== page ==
Hopscotch Air (O2, Farmingdale) - the Long Island-based membership-only air taxi operator - plans to launch a new commuter airline service to prominent US Northeast destinations next Spring with a new fleet of eight-seater turboprops, pending approval from the US Department of Transportation (DOT).

President and Chief Executive Officer Andrew Schmertz told ch-aviation by e-mail: "We are likely acquiring Cessna (single turboprop) Caravans for the initial launch. Those are ready-made for commuter service. We’ve been working with Cessna Aircraft Company on it. We have also looked at the Quest Aircraft Kodiaks for some service. The Caravans can also be electrified on short-haul routes, for example, Westerly (Rhode Island) to Block Island."

The city pairs have not yet been announced, but flights will originate from New York metro airports, including Hopscotch Air’s current base at White Plains (Westchester County Airport). Seabury Securities LLC is advising Hopscotch Air on its commuter air plans.

The company, in a statement, further announced it had signed a letter of intent with eVTOL developer Transcend Air Corporation to acquire Vy 400 VTOL (Vertical Take-Off and Landing) aircraft, which will enable it to add non-airport routes when the type enters service, which is scheduled for 2025 according to the Transend Air website. Hopscotch Air is also eager to adopt novel battery-electric aircraft as they come to market and prove economical, it said in a statement.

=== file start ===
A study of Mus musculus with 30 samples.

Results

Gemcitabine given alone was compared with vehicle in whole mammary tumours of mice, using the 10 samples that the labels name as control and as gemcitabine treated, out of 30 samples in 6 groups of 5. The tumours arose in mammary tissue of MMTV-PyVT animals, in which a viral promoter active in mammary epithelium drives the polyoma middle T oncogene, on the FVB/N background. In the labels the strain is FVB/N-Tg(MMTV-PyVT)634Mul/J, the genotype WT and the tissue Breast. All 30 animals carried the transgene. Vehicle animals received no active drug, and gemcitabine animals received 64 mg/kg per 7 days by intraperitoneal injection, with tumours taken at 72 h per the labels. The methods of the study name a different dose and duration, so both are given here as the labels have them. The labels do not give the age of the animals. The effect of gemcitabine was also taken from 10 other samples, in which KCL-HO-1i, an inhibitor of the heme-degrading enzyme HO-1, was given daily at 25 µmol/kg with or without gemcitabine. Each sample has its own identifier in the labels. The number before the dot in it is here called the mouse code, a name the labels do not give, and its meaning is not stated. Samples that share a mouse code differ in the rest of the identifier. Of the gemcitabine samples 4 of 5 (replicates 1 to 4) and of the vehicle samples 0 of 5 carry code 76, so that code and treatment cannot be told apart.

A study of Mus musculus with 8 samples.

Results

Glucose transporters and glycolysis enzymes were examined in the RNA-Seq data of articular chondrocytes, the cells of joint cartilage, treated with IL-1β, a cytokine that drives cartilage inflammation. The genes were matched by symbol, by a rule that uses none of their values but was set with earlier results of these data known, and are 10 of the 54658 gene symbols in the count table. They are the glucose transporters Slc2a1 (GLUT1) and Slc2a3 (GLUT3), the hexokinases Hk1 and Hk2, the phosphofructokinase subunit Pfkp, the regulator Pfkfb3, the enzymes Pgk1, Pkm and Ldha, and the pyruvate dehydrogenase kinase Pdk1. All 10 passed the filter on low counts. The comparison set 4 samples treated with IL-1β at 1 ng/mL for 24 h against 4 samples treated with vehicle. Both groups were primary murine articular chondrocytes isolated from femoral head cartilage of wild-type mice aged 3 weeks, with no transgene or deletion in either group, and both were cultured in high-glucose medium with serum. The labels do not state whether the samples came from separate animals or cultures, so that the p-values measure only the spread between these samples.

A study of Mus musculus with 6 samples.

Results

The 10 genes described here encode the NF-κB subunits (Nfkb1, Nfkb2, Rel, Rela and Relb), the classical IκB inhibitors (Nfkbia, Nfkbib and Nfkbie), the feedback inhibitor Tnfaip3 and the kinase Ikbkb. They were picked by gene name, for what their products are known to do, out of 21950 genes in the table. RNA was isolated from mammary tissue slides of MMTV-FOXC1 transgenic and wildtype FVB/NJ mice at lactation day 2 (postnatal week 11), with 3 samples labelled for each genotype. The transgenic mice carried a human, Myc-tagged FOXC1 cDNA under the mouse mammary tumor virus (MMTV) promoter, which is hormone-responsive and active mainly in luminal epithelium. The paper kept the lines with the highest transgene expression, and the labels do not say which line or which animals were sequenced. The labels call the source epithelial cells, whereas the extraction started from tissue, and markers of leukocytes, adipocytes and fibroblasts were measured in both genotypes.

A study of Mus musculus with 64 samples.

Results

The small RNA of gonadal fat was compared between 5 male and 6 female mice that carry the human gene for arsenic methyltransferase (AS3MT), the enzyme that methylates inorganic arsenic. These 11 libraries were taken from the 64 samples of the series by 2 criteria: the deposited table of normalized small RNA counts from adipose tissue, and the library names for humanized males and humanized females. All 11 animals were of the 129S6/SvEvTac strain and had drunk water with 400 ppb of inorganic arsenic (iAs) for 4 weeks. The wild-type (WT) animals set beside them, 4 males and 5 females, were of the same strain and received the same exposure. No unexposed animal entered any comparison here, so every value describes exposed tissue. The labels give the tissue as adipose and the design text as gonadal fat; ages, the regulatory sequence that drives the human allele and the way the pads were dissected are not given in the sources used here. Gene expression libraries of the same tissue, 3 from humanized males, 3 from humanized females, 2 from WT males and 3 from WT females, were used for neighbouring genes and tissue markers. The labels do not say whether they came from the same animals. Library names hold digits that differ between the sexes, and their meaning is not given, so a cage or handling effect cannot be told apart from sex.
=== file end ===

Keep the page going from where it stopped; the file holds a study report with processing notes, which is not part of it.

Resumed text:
Schmertz explained the new commuter service was designed to supplement airline flights lost during the pandemic over the past two years by using smaller aircraft fitting the lower demand. “We’ve seen many regional airlines pull back on service as travel demands dropped. Some have gone out of business altogether. We’re uniquely positioned to step in by right-sizing this market because people still need to fly,” he said.

On December 1, 2020, Hopscotch Air applied to DOT for authority to provide scheduled passenger operations as a commuter air carrier, but on May 26, 2021, the company notified the regulator that it was not yet ready and withdrew its application, according to a regulatory filing. The DOT dismissed the application without prejudice but invited Hopscotch to reapply once fully prepared.

Based in Farmingdale, a village on Long Island near New York, Hopscotch Air also plans to grow its Cirrus-based business and is looking at the North Carolina market for expansion. The company uses Cirrus SR20 and SR22s to serve all of the New York metro region's executive airports, as well as destinations in the US Northeast, mid-Atlantic, and Canada.